Crimea may become Russia’s ‘Silicon Valley’ – Upper House chair
"It is necessary to study the question of creating a kind of ‘Crimean Silicon Valley’, where all the companies developing modern microelectronics and communications would be located," said Matvienko as cited by TASS.
She was speaking at an Upper House meeting on Wednesday to discuss the legal integration of Crimea into the Russian Federation.
Local authorities should study the experience of other Russian regions, especially the Kaliningrad region enclave in order to step up business and investment in Crimea, she added.
"Perhaps we should also think of additional preferences for those who make the most useful investment in the region's economy.”
Matvienko urged the Crimean authorities to create the favorable conditions by generating barrier-free business models and simplify bureaucratic procedures.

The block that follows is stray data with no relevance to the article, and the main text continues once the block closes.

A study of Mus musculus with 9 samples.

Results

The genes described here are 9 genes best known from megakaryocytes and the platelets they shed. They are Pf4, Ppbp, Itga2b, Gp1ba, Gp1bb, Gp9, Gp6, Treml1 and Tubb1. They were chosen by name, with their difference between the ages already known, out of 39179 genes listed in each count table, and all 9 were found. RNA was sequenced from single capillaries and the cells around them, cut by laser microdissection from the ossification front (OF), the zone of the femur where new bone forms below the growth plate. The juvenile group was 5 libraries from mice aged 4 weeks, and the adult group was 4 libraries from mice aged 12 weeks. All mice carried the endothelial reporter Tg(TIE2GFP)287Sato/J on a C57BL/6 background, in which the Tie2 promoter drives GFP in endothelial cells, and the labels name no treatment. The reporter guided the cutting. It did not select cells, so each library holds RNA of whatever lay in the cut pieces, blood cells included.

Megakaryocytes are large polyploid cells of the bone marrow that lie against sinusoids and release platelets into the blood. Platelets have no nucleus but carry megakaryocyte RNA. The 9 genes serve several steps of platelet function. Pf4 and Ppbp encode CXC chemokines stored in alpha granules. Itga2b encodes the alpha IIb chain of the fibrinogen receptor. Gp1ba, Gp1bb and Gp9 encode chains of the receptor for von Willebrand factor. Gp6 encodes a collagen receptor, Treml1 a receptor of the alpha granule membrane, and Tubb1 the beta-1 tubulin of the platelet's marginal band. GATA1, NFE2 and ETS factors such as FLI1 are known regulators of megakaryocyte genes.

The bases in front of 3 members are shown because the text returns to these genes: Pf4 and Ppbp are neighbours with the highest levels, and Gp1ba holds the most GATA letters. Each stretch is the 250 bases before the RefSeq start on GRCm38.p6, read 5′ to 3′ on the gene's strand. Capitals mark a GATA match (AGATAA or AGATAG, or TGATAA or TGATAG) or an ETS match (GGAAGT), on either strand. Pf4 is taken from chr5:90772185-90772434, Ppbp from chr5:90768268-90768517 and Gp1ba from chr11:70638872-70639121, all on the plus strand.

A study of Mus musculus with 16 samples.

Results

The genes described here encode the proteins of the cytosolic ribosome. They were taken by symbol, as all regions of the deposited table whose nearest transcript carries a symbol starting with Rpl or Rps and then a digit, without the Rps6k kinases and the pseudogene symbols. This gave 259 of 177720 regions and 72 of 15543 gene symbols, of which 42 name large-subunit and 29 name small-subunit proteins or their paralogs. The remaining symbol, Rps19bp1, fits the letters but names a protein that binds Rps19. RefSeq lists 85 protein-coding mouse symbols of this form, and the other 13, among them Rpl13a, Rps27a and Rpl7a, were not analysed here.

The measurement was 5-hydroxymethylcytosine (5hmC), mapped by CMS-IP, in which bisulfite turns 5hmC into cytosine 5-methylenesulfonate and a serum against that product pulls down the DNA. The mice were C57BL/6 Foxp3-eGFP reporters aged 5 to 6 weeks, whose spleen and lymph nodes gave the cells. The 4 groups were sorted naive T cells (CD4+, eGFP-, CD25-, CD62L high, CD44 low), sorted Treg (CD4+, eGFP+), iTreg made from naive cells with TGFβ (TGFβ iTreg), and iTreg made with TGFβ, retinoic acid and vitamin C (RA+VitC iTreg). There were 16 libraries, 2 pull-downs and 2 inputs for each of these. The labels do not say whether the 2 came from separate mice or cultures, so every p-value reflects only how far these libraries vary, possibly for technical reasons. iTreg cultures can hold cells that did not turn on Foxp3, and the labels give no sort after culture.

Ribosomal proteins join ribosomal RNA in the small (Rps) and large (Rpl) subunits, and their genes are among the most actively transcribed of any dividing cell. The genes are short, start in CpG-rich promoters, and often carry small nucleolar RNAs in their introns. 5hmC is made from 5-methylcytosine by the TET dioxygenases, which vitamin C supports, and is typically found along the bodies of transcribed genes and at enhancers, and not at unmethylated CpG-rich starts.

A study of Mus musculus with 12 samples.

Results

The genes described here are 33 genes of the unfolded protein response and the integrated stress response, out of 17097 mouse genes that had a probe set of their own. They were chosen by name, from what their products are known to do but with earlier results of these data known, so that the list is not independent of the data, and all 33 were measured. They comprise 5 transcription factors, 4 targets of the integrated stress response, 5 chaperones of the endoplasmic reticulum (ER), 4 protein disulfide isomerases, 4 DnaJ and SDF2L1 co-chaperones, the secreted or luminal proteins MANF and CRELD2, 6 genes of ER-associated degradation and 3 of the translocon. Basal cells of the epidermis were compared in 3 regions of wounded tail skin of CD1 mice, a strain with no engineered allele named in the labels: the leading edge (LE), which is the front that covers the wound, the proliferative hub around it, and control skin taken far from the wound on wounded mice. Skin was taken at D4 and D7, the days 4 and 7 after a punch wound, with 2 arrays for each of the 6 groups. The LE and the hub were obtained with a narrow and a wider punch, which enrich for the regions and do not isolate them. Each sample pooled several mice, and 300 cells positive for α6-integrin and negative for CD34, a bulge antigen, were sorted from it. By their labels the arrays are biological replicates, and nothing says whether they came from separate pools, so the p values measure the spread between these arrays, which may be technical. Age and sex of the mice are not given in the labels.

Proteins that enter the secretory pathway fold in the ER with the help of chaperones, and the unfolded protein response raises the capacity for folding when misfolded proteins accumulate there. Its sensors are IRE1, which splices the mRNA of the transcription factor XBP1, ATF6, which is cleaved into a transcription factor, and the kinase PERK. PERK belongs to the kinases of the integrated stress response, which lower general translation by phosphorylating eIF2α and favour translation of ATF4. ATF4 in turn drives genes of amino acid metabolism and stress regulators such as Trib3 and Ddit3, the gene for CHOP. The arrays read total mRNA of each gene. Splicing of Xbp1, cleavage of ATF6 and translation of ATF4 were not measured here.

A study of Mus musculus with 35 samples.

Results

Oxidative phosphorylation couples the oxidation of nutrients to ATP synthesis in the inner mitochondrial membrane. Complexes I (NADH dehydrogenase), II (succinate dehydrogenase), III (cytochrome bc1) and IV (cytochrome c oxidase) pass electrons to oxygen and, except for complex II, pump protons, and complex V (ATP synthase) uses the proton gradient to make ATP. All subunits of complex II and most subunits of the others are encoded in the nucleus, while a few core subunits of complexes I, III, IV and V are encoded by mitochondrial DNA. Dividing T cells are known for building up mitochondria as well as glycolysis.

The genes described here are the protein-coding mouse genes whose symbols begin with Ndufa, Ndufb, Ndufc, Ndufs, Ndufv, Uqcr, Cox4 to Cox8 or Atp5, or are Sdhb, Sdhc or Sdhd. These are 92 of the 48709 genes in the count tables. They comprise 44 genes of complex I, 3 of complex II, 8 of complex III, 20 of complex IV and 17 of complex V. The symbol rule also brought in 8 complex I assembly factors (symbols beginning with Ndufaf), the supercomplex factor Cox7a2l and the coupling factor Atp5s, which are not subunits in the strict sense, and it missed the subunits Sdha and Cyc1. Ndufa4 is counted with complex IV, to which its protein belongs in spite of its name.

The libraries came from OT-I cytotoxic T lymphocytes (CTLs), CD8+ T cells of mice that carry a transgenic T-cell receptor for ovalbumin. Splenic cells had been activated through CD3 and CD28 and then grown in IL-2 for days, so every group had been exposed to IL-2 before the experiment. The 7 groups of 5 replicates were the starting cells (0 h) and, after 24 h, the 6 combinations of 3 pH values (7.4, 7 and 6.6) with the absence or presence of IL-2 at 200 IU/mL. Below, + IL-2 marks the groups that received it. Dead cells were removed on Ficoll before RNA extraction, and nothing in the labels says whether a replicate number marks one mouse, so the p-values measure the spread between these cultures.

The Federation Council is ready to assist in adopting federal laws aimed at making Crimea "the most favorable environment for business," which, according to Matvienko, requires an integrated system of investment management.
The initiative to create ‘Crimean Silicon Valley’ was first proposed last September by the republic’s head Sergey Aksenov.
The resolution adopted during Wednesday’s session also points to the need to modernize the three power plants on the Crimean peninsula.
Crimea currently produces only 20 percent of its electricity needs. Last year it fell by almost 13 percent. This makes the peninsula dependent on energy from Ukraine which has repeatedly shut off power after its succession to Russia.
In November 2014, President Vladimir Putin signed a law to create a free trade zone in Crimea and Sevastopol. The law will be valid for 25 years with the possibility of a further extension. It envisages simplified visa regime for investors, as well as the elimination of customs duties. Entrepreneurs will also be able to import goods needed for carrying on business exempt from duties.